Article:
Energy Drinks Present Dangers

Bailee Doman, Staff

For many students a quick caffeine jolt is a daily necessity.
However, this ritual comes with its share of risks.
Meghan Jones, a registered dietary nutritionist, spoke on the dangers of drinking energy drinks on a daily basis.
“The risk of a high consumption of energy drinks include high blood pressure, heart palpitations, dehydration and sleep deprivation. Since these drinks often times contain calories but no vitamins or other beneficial nutrition components, they are seen as empty calories,” Jones said.
Jones speaks on the dangers of athletes drinking energy drinks.
“The high amount of caffeine ingested from energy drinks can lead to dehydration, especially if you are participating in an after-school sport or physical activity,” Jones said
She also states what the average amount of caffeine a normal teen should be consuming in a day.
“It is best to consume less than 200 milligrams of caffeine a day,” Jones said
She also touches on the importance of watchful consumption and healthy drink choices.
“An energy drink every once in a while will not immediately harm your health but be smart about what you drink. Just because it is a liquid, does not mean there are not any calories,” Jones said.
Jones also articulates the importance being aware of the nutrition facts of energy drinks.
“Energy drinks are classified as a dietary supplement so they are not regulated by the FDA. Dietary supplements do not go through the same regulations and standards as our food and drinks. Because of this, energy drinks can use ingredients and label claims on the products that are not 100 percent accurate,” Jones said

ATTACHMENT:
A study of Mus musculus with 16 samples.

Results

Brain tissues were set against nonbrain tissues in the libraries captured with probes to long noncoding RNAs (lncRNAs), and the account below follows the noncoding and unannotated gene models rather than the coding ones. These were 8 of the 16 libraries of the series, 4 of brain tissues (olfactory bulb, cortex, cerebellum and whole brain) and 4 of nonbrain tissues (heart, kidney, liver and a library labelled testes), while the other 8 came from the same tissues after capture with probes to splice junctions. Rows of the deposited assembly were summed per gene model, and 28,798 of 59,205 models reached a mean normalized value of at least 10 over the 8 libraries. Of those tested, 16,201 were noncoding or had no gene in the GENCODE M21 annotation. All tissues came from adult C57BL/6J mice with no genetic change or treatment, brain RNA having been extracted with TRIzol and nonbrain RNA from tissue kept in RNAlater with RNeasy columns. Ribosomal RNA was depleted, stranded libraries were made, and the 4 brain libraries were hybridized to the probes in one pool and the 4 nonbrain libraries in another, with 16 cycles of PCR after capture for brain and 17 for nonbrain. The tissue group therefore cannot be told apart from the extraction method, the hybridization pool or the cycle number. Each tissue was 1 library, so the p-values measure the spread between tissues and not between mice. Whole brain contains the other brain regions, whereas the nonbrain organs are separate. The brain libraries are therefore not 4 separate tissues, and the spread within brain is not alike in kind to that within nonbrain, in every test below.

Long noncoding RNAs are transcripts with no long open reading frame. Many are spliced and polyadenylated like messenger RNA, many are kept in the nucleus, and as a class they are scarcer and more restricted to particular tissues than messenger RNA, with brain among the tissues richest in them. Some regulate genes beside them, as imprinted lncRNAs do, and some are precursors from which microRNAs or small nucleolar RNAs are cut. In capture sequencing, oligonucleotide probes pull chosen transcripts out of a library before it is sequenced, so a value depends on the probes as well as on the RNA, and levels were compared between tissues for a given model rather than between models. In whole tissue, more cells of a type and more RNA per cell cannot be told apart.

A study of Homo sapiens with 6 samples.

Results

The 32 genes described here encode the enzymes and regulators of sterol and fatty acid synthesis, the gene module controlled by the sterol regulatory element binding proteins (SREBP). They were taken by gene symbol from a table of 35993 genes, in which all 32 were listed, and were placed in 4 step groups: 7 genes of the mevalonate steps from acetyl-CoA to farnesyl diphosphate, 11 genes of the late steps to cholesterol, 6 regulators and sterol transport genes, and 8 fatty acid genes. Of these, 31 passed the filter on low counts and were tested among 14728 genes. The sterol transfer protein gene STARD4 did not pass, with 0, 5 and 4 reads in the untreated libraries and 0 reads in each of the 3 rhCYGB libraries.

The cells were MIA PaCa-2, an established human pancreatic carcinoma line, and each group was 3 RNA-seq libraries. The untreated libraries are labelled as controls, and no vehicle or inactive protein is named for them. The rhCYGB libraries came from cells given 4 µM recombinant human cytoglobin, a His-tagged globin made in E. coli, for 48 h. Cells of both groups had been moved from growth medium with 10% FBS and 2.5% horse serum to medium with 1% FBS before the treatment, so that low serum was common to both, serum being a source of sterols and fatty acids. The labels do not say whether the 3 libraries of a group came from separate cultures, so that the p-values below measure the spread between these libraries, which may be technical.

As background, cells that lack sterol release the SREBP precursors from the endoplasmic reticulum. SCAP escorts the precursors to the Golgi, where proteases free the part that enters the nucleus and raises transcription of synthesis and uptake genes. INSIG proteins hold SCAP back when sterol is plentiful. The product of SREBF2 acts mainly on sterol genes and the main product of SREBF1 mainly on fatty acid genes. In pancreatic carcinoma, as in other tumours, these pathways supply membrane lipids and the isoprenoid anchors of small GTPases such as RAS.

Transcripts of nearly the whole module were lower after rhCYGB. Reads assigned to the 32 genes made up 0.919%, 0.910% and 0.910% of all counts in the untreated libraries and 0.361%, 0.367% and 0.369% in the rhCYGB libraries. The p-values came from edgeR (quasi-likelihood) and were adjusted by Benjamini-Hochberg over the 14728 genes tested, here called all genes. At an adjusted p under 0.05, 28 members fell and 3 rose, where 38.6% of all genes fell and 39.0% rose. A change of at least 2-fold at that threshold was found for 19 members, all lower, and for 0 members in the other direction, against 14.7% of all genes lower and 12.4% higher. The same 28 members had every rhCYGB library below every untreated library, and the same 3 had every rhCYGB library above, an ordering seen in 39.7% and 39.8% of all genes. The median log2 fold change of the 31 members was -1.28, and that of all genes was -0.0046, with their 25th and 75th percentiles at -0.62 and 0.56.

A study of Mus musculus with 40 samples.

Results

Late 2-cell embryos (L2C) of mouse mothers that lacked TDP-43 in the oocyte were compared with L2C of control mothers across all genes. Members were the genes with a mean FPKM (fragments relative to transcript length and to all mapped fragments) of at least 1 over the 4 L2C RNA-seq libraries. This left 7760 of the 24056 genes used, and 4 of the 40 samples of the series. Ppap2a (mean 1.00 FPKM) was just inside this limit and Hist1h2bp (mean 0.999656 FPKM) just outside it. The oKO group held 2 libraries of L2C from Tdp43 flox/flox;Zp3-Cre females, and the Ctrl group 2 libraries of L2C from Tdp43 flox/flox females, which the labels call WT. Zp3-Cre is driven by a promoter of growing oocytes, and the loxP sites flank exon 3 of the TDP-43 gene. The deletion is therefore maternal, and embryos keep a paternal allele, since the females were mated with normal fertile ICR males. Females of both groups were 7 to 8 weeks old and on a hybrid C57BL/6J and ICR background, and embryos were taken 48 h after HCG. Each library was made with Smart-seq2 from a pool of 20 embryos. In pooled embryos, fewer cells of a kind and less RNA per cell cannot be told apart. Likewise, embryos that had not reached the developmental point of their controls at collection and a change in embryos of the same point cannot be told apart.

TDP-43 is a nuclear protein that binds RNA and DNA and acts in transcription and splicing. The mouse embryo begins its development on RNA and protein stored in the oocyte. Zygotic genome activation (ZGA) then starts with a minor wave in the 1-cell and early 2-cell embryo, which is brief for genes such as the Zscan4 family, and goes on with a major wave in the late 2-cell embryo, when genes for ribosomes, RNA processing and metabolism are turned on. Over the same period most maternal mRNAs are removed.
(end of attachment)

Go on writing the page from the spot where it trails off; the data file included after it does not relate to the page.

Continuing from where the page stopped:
Health teacher Sue Krippaehne and her student teacher Rebecca Harris also address the importance of being smart with your drink choices.
“A lot of studies have shown that having too much caffeine in your body actually inhibits the ability for your body to absorb the essential nutrients that you need,” Harris said.
Krippaehne goes on to state the reason behind needed another energy drink.
“You can have a spike in blood sugar levels if it is high in sugar. And then after the spike there is the drop and then the need for another energy drink,” Krippaehne said.
Harris adds to the comment made by Krippaehne about sugar levels.
“[Energy drinks] can make you really tired and drowsy,” Harris said.
Krippaehne expresses the importance of having a balanced diet.
“I think overall health that you might not be getting if you are all about the energy drinks is that you are not getting the essential nutrients that you should have on a daily basis. Overtime that effects a lot of your health,” Krippaehne said.